The Cuban flag is not in the Soccer World Cup, but the flags of that competition are in Cuba.
Today I was passing by the Yara Cinema, the most central theater in Havana, where I witnessed a crowd of young people, most of them wearing Brazilian T-shirts and waving the flag of that country. Some even carried the long, blaring “vuvuzela” horns (homemade? brought from China?). Having seen the images of the South African games on TV, I can’t imagine the racket of vuvuzelas inside a cinema.
The situation was that Yara is projecting the World Cup competitions on the big screen – and live! This was a practice that began —to the best of people’s recollections— at the Center for Genetic Engineering and Biotechnology. In that complex’s theater, the key games of the 1998 French team were shown to the center’s employees (and during working hours!). Among these showings was the memorable final in which no one to this day understands how Brazil was able to lose to the French team.
I have two European friends who hate soccer. It’s not exactly because of the violence (one of them used to play rugby and the other one practiced Thai kickboxing), but for the mixture of patriotism with populism and sexism, a perverse mix in which waving one’s national flag is an indispensable part.
One of them (a German) regrets that with the 2006 championships she wholeheartedly recovered the Germanic love for her tri-colored cloth, after decades of anti-authoritarian and critical attitudes by her own people in the Federal Republic against any sort of Teutonic nationalism.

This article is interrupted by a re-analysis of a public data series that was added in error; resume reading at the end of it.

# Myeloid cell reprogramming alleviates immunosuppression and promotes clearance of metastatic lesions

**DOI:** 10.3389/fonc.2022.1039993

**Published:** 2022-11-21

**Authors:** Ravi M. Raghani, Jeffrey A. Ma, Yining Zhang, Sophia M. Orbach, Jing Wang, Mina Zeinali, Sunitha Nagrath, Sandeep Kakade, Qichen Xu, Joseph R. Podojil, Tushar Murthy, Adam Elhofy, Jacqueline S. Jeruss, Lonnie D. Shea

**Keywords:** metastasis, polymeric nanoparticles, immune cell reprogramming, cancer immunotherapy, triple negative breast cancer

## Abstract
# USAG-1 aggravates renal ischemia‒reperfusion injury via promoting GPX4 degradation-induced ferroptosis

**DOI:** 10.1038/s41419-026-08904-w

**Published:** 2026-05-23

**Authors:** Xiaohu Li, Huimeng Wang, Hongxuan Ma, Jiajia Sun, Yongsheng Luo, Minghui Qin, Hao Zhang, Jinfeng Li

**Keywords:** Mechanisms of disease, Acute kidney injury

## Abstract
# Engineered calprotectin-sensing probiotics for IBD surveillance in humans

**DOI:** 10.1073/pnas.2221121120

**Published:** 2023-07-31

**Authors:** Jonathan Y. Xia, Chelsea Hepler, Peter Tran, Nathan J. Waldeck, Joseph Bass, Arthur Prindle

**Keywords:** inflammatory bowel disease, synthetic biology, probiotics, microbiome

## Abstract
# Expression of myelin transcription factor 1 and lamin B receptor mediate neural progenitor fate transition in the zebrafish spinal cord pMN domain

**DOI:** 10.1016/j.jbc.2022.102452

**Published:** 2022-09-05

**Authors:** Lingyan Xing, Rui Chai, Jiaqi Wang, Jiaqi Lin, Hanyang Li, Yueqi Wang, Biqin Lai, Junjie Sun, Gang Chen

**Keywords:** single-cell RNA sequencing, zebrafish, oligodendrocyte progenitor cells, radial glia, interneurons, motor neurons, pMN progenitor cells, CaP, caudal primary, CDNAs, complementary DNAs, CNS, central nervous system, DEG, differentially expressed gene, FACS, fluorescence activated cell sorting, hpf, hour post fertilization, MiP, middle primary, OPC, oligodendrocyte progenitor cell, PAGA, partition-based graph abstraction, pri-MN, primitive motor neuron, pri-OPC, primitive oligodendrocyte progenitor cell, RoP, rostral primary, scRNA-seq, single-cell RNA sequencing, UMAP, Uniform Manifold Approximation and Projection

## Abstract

Complex suppositions induced in Germans by the two World Wars were left behind by virtue of the World Cup.
In Cuba, people tend not to wave the flags of other countries openly, but since the Cuban soccer team isn’t playing in the world games, a multicolored euphoria has been stimulated in which the banners of other countries occupy a key place.
Brought from abroad by friends or an occasional tourist, the flags have become status symbols, along with expensive team T-shirts, which are increasingly seen on the island, in addition to the vuvuzelas. The differences in incomes and access are now visible.
Cars —many of them owned by foreigners— display the flags of the preferred footballer powers, and even draped from some houses and the balconies of buildings appear the national emblems of overseas nations. Brazil, Germany and Argentina are the most frequent.
On TV appeared the president of the Municipal Assembly of Bauta (a town in Havana Province located a few miles from the capital) explaining how now it is now a tradition for the residents there to hoist flags over their homes.
This is a town that looks like a diplomatic city with the particularity that each country has not one but several embassies. In the community video hall in the village, one cannot but notice the racket of football fans as they display all the customary attributes of going to a large stadium, but with everyone seated in front of a small television screen.
A great effect of Cuba’s “opening up to the World Cup” over the last few years is that it’s no longer possible in Cuba to have that legendary phone conversation that occurred in 1998 between a concerned citizen and a police officer at the station:
“Officer, good afternoon. Some people have hoisted a dissident flag in front of my house,” reported the citizen.
“And how do you know comrade that it’s a dissident flag?” asked the policeman.
“Because it’s green and yellow, and with a counter-revolutionary slogan…something like “Order and Progress.”
“That’s the Brazilian flag, imbecile! It’s for the Soccer World Cup!”